A never-ending project. Constantly trialling vegetables, doing away with some because of the space required or unsuitability to the climate.
Have finally achieved uniformly sized beds with the facility to raise them by simply adding more sleepers.
At present have 7 beds in this area to rotate – actually 6 as one is permanent bed for rhubarb. I suppose that could be rotated as well as I think rhubarb should be lifted every so often.
I have another area closer to the house which is designated as a ‘herb garden’ but the herbs are slowly being replaced with vegetables. . Might have to look into that as I love my parsley and thyme.
Because of my wife’s ulcers low acid type vegies are in order. Instead of large crops of tomatoes, which we used to use a lot of in our cooking as well as preserving, we are trying some different tomatoes – a low acid yellow (no variety name) it is a round fruit; and a red variety which has the Roma shape.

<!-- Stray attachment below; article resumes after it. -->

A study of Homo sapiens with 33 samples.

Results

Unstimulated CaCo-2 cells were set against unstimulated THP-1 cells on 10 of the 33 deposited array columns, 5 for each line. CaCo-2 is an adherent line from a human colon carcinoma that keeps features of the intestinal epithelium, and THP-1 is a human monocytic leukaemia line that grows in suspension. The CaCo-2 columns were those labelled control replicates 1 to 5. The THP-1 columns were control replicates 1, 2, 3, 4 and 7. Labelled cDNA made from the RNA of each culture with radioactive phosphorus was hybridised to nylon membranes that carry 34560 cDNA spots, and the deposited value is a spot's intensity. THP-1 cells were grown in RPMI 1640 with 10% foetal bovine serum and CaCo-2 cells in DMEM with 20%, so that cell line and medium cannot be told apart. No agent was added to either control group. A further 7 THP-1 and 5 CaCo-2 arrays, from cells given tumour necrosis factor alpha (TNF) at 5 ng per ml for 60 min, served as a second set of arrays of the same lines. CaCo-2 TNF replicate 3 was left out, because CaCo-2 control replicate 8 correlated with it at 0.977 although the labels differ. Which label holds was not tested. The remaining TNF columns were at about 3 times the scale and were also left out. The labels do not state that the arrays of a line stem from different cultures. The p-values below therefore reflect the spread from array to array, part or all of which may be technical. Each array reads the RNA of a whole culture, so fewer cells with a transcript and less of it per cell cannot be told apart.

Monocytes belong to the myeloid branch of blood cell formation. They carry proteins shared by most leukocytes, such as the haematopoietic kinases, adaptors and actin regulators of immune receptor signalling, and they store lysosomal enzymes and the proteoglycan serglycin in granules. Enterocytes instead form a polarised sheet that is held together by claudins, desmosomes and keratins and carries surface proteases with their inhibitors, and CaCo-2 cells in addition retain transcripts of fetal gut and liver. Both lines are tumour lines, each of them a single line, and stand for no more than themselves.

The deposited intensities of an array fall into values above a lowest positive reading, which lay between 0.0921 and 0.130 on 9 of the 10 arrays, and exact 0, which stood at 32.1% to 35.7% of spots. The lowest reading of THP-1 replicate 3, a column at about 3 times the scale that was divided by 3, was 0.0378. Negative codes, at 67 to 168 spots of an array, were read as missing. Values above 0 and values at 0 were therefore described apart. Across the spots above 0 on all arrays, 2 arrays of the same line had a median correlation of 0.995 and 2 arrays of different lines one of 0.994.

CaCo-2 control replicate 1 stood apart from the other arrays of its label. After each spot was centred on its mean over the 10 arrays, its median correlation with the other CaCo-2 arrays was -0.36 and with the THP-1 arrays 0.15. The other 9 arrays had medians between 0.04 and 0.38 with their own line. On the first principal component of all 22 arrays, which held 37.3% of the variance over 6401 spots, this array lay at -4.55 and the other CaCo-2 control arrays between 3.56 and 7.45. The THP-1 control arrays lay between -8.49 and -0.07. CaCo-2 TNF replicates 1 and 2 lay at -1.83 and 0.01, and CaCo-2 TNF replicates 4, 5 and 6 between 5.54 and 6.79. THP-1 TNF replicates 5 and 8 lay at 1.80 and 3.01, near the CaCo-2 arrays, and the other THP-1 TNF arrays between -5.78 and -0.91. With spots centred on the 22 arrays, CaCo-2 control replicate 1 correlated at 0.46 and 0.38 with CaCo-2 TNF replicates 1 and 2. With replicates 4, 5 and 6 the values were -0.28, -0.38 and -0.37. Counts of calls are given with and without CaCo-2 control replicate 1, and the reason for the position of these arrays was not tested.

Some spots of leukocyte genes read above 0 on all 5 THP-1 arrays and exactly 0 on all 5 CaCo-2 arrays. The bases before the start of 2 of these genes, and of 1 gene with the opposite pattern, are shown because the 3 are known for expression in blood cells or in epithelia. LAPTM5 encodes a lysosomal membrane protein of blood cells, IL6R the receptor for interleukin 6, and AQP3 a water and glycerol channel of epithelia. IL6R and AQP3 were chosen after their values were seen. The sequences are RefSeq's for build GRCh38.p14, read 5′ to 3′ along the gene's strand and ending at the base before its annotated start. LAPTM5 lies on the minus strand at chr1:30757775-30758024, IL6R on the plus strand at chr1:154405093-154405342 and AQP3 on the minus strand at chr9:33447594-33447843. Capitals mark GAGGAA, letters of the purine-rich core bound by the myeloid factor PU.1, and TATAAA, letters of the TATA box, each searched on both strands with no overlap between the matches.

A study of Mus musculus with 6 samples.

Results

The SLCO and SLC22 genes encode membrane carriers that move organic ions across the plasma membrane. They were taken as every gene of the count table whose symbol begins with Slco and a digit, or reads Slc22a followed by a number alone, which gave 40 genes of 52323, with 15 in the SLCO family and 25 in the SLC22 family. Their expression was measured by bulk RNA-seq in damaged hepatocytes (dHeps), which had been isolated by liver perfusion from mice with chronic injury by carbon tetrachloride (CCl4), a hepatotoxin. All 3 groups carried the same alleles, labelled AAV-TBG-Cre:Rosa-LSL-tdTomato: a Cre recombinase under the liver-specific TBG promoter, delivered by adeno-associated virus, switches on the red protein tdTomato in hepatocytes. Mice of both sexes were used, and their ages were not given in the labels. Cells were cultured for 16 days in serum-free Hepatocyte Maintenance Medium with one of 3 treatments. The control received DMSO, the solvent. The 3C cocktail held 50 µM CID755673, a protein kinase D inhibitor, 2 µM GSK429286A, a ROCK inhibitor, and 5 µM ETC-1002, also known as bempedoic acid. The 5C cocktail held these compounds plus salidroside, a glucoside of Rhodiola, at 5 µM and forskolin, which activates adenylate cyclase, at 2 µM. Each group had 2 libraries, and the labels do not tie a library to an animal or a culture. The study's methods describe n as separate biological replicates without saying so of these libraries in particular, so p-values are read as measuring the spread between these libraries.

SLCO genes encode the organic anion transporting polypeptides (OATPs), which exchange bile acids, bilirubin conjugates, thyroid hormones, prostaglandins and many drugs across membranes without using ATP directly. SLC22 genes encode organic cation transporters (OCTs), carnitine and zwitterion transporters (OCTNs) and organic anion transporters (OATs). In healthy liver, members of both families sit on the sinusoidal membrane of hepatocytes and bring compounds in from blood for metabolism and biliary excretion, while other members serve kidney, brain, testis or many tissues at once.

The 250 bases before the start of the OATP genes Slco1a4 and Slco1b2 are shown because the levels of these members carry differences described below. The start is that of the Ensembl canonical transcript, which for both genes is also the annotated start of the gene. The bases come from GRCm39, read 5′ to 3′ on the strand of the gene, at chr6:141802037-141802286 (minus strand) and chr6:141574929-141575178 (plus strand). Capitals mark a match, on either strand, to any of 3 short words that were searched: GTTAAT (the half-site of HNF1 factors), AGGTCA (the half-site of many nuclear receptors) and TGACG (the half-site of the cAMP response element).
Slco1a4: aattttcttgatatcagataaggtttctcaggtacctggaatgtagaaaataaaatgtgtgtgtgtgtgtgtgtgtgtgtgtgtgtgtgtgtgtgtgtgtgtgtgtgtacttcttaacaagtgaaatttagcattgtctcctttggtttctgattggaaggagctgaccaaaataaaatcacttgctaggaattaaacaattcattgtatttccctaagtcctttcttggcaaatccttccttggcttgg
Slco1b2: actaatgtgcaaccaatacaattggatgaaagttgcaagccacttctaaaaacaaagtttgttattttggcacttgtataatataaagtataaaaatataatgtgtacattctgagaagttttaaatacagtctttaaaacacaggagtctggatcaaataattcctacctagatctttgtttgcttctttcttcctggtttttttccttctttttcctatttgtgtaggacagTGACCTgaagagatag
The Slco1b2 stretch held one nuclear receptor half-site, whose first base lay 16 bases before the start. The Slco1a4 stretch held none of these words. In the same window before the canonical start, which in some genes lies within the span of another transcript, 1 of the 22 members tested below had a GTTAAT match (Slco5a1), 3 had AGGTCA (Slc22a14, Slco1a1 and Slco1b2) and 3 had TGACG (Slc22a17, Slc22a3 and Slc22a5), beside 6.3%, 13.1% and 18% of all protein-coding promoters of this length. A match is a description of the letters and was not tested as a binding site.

I am looking at another area that might comfortably take a 6′×3′ bed. This could be for sweet corn, perhaps. I’m tossing up about whether to put in an asparagus patch.
I have to transplant some self-sown silverbeet. Must have silverbeet. This is the red-stemmed variety.
Still picking celery. Nothing as sweet and moist as freshly picked celery.
More to come . . .
Re-jigged one of the garden beds by using recycled timber and a chain mesh fence I was given by a builder-renovator who was going to dump it otherwise. Vegetables such as climbing beans, peas, cucumbers can scramble up the mesh which can be extended by adding more wire, and it will help contain tall crops such as broad beans which need some support. One of the reasons for planting beans here is due to the kangaroos feasting on last summer’s crop along the back fence where I had always had them in past years.
Have planted a variety of climbing bean along the side and some peas at either end. The committee is still out on what will go in the main body of the bed.
*P.S. * For some reason I forgot to add silverbeet to the list. I transplanted some along the back fence, I got them from other spots where they had self-seeded.
An outdoor organic garden located in Castlemaine 3450, Australia, Prickles's Vegetable garden currently contains 8 plants.This is a Vegetable garden that is known to be in USDA Hardiness Zone 9b. It has mainly Combination soil and receives Full Sun light.